Branson’s regret over Concorde
Had Sir Richard Branson had his way, Concorde might still be winging the jet set over the oceans. Back in 2003, the Virgin founder’s £5 million bid for five British Airways Concordes was seen by some as a publicity gimmick (the very thought!).
But 10 years after the supersonic transport’s retirement, Sir Richard remains wistful about the rejection of his bid (he blames long-time foe BA, although Airbus’s refusal to have anything more to do with the old birds played a part) and reveals he still keeps a model of Concorde in Virgin Atlantic livery on his desk.
“We actually fought hard at Virgin to keep Concorde flying,” he writes on his blog. “As well as losing a uniquely beautiful and capable aircraft, it seemed like human ingenuity and technological innovation and had taken a backward step.”
Still, for Sir Dickie every cloud has a silver lining. He says his failure prompted him to launch his suborbital venture Virgin Galactic a year later.
“I have no doubt that during my lifetime we will be able to fly you on a Virgin Galactic spaceplane from London to Sydney in perhaps 2.5 hours with minimal environmental impact,” he enthuses.
It must have sounded like a great name for an airline – until, that is, Norwegian start-up FlyNonstop…er…stopped. The carrier was forced to call a halt to its Embraer 190 operations in late October after only a year.
A summons to Airbus HQ for a briefing on the volcano ash-detection technology developed by the airframer with EasyJet. Or is it? The email is headed: “Invitation to AVOID press conference, Toulouse”.
A committee of MPs met two weeks ago to discuss the “winter resilience” of the UK’s airports and transport system. Few of the witnesses made it though…due to the worst gales in years.
Songwriters find their muse in the oddest places. Chrissie Hynde of the Pretenders has revealed that one of her biggest hits – Don’t Get Me Wrong – was inspired by the “dong, dong, dong, dong” of a British Airways cabin announcement.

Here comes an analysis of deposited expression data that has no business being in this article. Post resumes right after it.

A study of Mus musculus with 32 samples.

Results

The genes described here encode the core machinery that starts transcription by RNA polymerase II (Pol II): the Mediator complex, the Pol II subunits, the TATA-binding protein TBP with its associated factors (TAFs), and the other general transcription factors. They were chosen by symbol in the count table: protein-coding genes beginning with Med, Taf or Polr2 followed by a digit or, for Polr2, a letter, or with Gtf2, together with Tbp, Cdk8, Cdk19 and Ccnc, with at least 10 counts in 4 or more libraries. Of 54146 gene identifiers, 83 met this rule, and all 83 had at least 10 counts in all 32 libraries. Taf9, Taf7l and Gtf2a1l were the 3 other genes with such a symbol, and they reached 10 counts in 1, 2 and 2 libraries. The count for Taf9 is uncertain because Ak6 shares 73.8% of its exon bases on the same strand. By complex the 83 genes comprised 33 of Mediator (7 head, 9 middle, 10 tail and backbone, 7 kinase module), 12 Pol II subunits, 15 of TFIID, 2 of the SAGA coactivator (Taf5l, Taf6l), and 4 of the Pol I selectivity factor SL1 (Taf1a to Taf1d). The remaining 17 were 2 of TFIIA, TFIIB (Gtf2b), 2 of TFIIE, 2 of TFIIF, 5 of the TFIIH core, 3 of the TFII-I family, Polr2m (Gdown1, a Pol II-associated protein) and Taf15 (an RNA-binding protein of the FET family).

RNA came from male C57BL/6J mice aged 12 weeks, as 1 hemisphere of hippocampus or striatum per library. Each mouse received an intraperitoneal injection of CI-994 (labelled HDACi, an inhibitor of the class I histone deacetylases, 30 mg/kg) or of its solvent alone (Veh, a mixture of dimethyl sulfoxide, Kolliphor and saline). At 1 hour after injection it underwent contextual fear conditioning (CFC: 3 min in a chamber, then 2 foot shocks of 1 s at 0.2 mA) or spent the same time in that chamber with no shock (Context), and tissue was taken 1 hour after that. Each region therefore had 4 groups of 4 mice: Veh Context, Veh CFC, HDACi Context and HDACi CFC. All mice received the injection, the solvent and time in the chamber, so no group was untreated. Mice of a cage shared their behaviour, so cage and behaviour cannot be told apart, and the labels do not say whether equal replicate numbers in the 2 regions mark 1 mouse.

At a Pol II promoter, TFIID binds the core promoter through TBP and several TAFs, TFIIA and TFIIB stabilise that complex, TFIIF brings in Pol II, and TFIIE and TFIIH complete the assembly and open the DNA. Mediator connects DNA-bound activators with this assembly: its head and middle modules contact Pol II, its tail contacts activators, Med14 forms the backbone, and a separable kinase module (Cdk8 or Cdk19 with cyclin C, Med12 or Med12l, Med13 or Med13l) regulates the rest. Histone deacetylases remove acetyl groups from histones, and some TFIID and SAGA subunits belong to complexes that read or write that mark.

Jat’s all folks
Analyst Andrew Lobbenberg’s latest missive has a tale from one of the last Jat flights before its rebranding, under new patron Etihad, as Air Serbia.
A stewie, apologising to British passengers for the cash-strapped carrier’s inability to serve alcohol, had this weary promise about the new regime: “After next month, we will have beer. After next month, everything will be better.”
There is a long list of aviators and engineers who have sacrificed their lives in the name of technological progress.
The crash of a BAC One-Eleven prototype during a test flight on 22 October 1963 highlighted to the world the dangers of T-tailed jets and the deep stall phenomenon. It led to the addition of stick pushers and stick shakers to the One-Eleven’s control system and the type, of course, went on to be a relatively successful airliner until its retirement in the 1990s. To mark the 50th anniversary of the tragedy, the seven crew who died when the aircraft came down near Chicklade in Wiltshire have been remembered in a plaque unveiled near the crash site.